How Does Third Party Risk Management Relate to IT?
Bryana Dacri | May 1, 2018
As advances in cloud computing and managed services have made IT operations more streamlined, the focus of IT leaders has shifted to improving efficiency, agility, and risk management. Managing risk, in particular, has become an even more central concern.
Every few months, another company discloses that their confidential data has been breached. These security lapses have major consequences, ranging from regulatory scrutiny to fines, lawsuits, and consumer dissatisfaction.
This comes into play when dealing with your own organization’s vendors. Who wants to work with a partner that’s been careless with data? Their reputation can ultimately affect that of your own organization’s. However, outside vendors are an essential part of the IT ecosystem for many large companies; it’s simply impossible to perform key functions without them. How do you determine whether they will handle your data with the utmost care? This is the essence of third party risk management in the IT space: Have your vendors taken the appropriate measures to ensure your data is not at risk?
Third Parties are Often the Weakest Link
When protecting your organization’s data, you’re only as good as your third party risk management program. While vendor risk management is important for all areas of a business, it’s perhaps the most crucial for IT. Failing to properly manage this risk can lead to loss of confidential information, trade secrets, and customer data — all leading to serious business repercussions. Additionally, the lag time between a breach and when a business is notified of it by their vendor can be significant, making it more difficult to react effectively.
In order to protect against this, businesses should map out their data flow and determine how this intersects with their vendors, while also assessing the security risk that each may present. Even the best internal data protection policies can be undermined by vendors who have lower security standards.
Security Should be a Factor in Choosing a Vendor
While vendor management has become an important component of IT, other concerns have often outweighed a focus on security. In the past, service quality, cost, and other more fundamental business concerns have been key areas of evaluation.
Increasingly, however, large organizations have learned that security risk management is an important area to consider. In fact, it can underpin the business calculus of using a certain vendor. For example, if one vendor has a much stronger security posture but is more expensive, they may ultimately be preferable to a lower cost vendor with a less robust security infrastructure. Such factors must be a part of the vendor contracting and management process.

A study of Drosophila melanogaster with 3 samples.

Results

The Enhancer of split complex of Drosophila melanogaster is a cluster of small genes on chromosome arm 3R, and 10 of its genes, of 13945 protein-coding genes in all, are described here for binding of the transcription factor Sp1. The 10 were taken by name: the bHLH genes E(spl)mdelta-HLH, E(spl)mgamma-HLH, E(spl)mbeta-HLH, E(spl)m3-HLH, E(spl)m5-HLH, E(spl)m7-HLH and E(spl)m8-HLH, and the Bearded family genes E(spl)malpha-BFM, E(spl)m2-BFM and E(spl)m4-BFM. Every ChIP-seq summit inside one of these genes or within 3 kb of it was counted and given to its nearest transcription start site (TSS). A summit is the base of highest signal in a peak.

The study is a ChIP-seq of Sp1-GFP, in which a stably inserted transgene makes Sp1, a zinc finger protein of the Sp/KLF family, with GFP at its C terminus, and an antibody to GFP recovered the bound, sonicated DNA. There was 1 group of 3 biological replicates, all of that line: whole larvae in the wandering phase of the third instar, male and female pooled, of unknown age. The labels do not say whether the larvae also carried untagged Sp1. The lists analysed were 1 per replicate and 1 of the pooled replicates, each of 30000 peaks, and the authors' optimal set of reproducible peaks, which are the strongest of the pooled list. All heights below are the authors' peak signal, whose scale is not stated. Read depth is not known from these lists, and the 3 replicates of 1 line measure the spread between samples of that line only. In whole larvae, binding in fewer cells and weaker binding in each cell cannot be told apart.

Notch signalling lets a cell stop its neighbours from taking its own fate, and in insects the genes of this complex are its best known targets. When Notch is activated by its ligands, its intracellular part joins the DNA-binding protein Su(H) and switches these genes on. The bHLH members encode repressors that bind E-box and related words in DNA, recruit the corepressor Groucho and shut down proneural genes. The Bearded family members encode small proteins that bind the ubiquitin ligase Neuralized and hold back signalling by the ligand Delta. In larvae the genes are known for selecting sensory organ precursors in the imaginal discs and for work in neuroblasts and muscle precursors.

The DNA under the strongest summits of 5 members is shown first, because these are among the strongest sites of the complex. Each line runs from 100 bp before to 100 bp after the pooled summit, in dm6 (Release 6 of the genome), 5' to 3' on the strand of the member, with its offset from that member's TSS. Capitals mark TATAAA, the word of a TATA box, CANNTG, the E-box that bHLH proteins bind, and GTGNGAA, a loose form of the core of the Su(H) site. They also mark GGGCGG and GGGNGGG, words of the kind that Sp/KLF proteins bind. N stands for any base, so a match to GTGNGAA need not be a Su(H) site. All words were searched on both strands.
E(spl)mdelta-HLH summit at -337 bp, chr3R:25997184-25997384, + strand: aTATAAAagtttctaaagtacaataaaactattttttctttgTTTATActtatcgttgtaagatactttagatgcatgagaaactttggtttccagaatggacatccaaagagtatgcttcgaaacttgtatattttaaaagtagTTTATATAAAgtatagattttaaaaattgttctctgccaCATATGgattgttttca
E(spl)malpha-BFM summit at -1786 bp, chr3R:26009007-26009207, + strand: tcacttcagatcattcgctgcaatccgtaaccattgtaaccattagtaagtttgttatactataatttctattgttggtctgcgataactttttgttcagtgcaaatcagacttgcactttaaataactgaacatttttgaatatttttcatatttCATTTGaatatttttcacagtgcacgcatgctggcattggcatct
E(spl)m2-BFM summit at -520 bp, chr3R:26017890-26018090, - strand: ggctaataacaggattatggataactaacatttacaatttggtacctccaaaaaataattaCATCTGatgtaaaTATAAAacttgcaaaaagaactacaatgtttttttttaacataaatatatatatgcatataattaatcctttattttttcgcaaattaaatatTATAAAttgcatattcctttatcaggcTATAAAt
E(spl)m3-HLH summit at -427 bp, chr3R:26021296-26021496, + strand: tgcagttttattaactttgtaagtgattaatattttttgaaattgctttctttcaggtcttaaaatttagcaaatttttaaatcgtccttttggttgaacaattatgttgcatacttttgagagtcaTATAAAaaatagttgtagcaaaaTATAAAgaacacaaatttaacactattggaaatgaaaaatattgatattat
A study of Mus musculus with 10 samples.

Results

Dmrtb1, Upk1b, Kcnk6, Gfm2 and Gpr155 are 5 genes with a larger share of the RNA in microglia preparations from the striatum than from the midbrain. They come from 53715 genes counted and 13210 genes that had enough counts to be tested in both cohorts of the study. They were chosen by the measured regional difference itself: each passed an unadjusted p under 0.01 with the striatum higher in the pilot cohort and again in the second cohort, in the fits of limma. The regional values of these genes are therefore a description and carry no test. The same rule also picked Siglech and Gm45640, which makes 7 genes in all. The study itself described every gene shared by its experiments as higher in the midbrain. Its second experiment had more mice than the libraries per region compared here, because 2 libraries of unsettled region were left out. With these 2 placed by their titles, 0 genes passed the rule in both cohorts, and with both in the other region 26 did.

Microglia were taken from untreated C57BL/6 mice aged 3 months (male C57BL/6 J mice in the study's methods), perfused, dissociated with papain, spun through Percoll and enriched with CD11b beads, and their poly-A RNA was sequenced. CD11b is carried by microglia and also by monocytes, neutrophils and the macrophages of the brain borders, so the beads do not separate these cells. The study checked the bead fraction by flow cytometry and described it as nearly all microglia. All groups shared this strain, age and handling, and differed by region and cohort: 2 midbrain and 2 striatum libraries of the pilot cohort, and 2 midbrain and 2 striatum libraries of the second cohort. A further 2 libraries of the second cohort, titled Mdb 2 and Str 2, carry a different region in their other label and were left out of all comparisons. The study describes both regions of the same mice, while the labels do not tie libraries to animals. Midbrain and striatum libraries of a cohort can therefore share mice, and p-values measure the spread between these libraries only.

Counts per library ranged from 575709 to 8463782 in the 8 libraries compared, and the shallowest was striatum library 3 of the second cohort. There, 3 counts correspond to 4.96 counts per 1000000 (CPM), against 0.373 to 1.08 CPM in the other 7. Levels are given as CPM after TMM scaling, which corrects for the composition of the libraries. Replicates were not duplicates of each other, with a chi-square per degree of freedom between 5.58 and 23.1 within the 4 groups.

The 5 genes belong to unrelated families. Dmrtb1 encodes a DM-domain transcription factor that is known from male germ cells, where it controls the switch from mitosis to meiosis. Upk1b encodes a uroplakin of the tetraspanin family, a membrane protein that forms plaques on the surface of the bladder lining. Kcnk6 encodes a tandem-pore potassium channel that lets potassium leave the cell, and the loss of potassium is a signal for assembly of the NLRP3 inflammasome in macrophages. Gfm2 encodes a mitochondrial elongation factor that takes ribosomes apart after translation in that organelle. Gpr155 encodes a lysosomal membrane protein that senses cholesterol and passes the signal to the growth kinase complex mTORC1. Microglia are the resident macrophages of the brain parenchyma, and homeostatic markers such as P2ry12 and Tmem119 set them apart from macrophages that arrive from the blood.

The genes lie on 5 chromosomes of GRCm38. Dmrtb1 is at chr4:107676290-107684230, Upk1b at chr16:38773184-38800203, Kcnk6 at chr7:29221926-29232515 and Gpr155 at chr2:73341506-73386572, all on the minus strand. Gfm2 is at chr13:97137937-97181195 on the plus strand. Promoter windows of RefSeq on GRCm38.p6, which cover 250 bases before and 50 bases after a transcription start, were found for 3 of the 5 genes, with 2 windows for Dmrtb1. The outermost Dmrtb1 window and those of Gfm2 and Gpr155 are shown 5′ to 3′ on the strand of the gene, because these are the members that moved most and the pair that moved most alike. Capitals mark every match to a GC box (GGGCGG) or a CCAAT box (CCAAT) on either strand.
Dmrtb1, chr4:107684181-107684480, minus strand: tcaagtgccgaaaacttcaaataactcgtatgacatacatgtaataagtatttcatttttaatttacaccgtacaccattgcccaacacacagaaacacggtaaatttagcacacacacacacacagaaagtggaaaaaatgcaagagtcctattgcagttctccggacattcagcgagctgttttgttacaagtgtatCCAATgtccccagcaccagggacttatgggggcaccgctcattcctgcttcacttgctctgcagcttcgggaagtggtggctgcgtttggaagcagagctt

Risk management should be a priority for IT leaders, from the CISO and CIO on down. It’s also important for these IT officials to make the case to the whole leadership team that vendor risk management is an important business consideration. It’s easy for cost-based decision to crowd out all other factors. IT leadership must build a business case that shows the importance of vendor security standards.
Putting a Policy In Place
Most large businesses have robust internal risk management plans. These can be applied to vendors as well. Key components include understanding current data vulnerabilities and screening any new vendors you contract with using the highest standards possible. Of course, the largest enterprises use thousands of vendors. The process of risk management, therefore, hinges on prioritization. You have to determine where your most critical data is going. These vendors should be evaluated in terms of their business relationship with your company, integrity, technology, and overall track record.
Prioritizing third party risk management is the first step toward getting results and shoring up the overall security of your company’s data. From there, organizations must develop an effective strategy for carrying out this objective. This includes revising or supplementing any existing cybersecurity policies to fully reflect the risk posed by vendors.
Additionally, a plan should be put into place to actively manage and monitor vendor relationships. This typically involves the completion of vendor assessments and mapping to identify where the most sensitive information flows. If your business handles sensitive personal information, for example, you should track every vendor that may have access to this information on their systems at a given point in time.
After identifying this data, look to the vendors and review their security and risk controls they have in place. For instance, if your payment processor has weaknesses or gaps in their security infrastructure , that relationship may warrant investigation or reassessment.
Overall, third party vendor risk management is about knowing the vulnerabilities of your outside vendors and finding ways to mitigate these data security concerns.